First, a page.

Inspiration by the Rhythm of a Folk Dance Song

The repertoire of the spontaneous folk singing found in Czech, Moravian and Silesian collection fund is created by the songs and compositions of different character and provenience. There are two different areas of tunes which differ melodically, rhythmically, harmonically and formally (Hostinský 1906; Smetana – Václavek 1935, 1950). Between both melody types, it is possible to draw a boundary line through the area of east Moravia (Holý 1967). Observing this dividing line, we assign the music folklore of Bohemia and west Moravia to so-called western melody type. The eastern type includes mainly the song fund of east Moravia. Both song types do not appear separately, they often overlap, in some ethnographic regions they live next to each other (Holý 1967).

Dance songs represent a very large group from the functional point of view. In school education we may rely on ethno-musicological and ethnochoreological knowledge (Toncrová 2000, Matuszková 2000), e. g. the definition of basic characteristic features of dance melodies:

  • the area of Bohemia and west Moravia
    • the songs to dances with fixed relations to music accompaniment (formerly so-called figural dances), e. g. one melody corresponds to one dance. Here belong the melodies to two-beat and three-beat dances, e. g. hulán, dupák, šotyška, kalamajka, mazurka etc.;
    • interesting are the dances in alternating time, so-called mateníky in which the time and dance step change (in a lesser number they appear also in east and north-east Moravia);
  • the area of east and south-east Moravia
    • especially characteristic are the songs to two-beat dances whose basic movement sign is the gyration of a dancing couple around the common axis (so-called rotating dances). In individual regions, these are various modifications of one dance scheme to which different songs are sung. There are e. g. vrtěná, danaj, sedlcký(á), sedlácká, skočná, starosvětská, koulaná (gúlaná), točená etc.;
    • a significant group are the dances of more serious, almost ceremonial character in a three-beat time, e. g. coufavá, zavádka, valaská, starodávný;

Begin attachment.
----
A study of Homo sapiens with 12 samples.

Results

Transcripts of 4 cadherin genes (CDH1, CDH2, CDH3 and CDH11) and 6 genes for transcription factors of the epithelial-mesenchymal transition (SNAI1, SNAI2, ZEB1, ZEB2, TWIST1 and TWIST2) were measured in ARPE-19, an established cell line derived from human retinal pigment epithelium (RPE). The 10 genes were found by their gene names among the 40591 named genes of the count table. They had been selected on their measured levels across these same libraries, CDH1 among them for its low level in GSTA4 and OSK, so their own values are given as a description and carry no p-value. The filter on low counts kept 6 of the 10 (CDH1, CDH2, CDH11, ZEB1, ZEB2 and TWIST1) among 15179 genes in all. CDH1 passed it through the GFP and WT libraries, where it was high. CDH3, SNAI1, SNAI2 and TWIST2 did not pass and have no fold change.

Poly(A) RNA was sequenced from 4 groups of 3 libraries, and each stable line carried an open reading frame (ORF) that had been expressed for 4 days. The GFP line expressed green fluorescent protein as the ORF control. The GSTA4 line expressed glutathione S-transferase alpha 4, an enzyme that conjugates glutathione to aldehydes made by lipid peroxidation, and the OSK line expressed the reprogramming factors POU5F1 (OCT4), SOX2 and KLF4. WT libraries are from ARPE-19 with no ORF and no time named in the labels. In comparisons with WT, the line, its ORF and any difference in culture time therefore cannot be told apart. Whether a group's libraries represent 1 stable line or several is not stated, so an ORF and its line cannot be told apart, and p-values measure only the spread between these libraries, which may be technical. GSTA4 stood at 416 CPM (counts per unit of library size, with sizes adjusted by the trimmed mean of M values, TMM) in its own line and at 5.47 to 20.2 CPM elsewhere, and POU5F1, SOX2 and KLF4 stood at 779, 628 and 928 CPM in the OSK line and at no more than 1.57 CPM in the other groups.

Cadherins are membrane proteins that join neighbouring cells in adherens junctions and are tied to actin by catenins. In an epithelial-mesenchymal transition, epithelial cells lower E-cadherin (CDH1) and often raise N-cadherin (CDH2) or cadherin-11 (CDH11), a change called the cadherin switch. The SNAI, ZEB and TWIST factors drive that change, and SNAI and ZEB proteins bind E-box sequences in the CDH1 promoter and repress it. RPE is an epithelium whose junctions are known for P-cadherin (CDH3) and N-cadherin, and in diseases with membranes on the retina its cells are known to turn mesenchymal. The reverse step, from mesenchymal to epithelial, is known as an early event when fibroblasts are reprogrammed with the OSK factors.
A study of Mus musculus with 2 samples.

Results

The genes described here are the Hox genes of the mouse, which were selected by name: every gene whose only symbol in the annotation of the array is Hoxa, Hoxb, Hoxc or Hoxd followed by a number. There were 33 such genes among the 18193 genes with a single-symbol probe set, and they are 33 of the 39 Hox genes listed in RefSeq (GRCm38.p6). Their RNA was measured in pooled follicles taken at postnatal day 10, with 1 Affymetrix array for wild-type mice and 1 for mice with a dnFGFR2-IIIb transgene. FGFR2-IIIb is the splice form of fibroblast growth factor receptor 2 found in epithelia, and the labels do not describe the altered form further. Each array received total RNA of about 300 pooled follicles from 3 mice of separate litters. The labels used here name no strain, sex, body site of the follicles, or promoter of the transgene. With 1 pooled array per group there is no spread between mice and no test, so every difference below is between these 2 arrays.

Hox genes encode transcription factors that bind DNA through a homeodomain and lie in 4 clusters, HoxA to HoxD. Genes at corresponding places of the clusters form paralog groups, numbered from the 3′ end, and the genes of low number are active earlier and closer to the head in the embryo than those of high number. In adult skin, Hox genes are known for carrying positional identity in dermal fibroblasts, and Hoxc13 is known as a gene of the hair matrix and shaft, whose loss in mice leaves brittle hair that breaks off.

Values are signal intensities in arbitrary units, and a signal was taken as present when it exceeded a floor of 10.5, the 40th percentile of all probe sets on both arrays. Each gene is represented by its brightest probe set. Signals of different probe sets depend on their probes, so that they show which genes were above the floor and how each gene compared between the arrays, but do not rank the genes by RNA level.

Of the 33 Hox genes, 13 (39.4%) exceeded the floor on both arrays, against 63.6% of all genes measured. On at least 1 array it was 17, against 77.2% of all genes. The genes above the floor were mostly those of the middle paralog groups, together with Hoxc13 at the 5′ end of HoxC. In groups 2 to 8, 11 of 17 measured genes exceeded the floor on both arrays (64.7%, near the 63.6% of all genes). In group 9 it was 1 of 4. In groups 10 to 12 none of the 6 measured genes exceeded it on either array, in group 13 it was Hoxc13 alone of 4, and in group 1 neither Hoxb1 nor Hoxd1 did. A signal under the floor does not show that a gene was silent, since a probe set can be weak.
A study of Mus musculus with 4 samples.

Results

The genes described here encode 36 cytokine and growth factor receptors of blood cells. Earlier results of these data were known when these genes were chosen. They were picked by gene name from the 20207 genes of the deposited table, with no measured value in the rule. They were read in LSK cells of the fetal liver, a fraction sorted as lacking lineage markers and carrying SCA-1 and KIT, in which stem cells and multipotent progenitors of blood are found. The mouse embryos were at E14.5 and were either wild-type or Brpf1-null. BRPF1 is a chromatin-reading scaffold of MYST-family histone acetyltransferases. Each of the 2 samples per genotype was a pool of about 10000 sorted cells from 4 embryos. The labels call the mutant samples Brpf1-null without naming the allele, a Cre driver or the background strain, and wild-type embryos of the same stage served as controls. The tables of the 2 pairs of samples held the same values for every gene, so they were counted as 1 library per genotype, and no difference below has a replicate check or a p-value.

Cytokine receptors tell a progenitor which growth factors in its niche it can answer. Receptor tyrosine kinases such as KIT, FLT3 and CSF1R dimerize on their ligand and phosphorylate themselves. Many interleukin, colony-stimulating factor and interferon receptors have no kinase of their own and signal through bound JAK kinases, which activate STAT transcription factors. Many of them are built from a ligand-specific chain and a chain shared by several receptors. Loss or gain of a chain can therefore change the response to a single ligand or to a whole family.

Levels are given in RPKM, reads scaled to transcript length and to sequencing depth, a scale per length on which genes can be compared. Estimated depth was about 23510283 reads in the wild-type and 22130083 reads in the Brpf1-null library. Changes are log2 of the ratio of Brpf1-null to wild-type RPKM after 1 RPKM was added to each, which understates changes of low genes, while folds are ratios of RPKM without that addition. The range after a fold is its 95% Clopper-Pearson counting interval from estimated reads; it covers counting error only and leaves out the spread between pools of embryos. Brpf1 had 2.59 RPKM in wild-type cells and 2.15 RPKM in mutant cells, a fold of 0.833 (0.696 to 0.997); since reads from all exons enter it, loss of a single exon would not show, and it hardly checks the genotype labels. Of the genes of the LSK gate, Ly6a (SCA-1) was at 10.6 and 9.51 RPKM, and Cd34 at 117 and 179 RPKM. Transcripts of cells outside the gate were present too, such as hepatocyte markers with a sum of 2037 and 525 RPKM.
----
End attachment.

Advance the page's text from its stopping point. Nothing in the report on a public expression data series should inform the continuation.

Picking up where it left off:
• a specific dance type in south-east Moravia is the male dance verbuňk. It has an improvisational character, its accompanying melody has a dotted rhythm; the slow part of the dance is in 4/4 time, quick in 2/4 time.


  • Holý, D. (1967). Na okraj etnografické hranice na Moravě [Marginal Notes on the Ethnographic Border in Moravia]. Národopisný věstník československý II (XXXV), pp. 21-41. Praha: Národopisná společnost československá.
  • Hostinský, O. (1906). Česká světská píseň lidová. Úvahy národopisné a hudební [Czech Secular Folk Song. Ethnographic and Music Reflections] Praha: F. Šimáček.
  • Matuszková, J. (2000). Typologie lidového tance [Typology of Folk Dance]. In J. Jančář et al. (eds.). Lidová kultura na Moravě [Folk Culture in Moravia]. Vlastivěda moravská. Země a lid. Nová řada, vol. 10. Strážnice: Ústav lidové kultury ve Strážnici; Brno: Muzejní a vlastivědná společnost v Brně, pp. 306–313.
  • Smetana, R. & Václavek, B. (1935). Lidová píseň [Folk Song]. In Ottův slovník naučný nové doby. Dodatky III, vol. 2, pp. 1192-1195. Praha: Nakladatelství J. Otto spol. s r.o.
  • Smetana, R. & Václavek, B. (1950). O české písni lidové a zlidovělé [On Czech Folk Song]. Praha: Svoboda, pp. 133-141.
  • Toncrová, M. (2000). Bádání o hudebním folkloru. Písňové druhy a zpěvní příležitosti. Skladba repertoáru [Research in Music Folklore. Song Types and Singing Opportunities. The Structure of Repertoire]. In J. Jančář et al. (eds.). Lidová kultura na Moravě [Folk Culture in Moravia]. Vlastivěda moravská. Země a lid. Nová řada, vol. 10. Strážnice: Ústav lidové kultury ve Strážnici; Brno: Muzejní a vlastivědná společnost v Brně, pp. 275–286.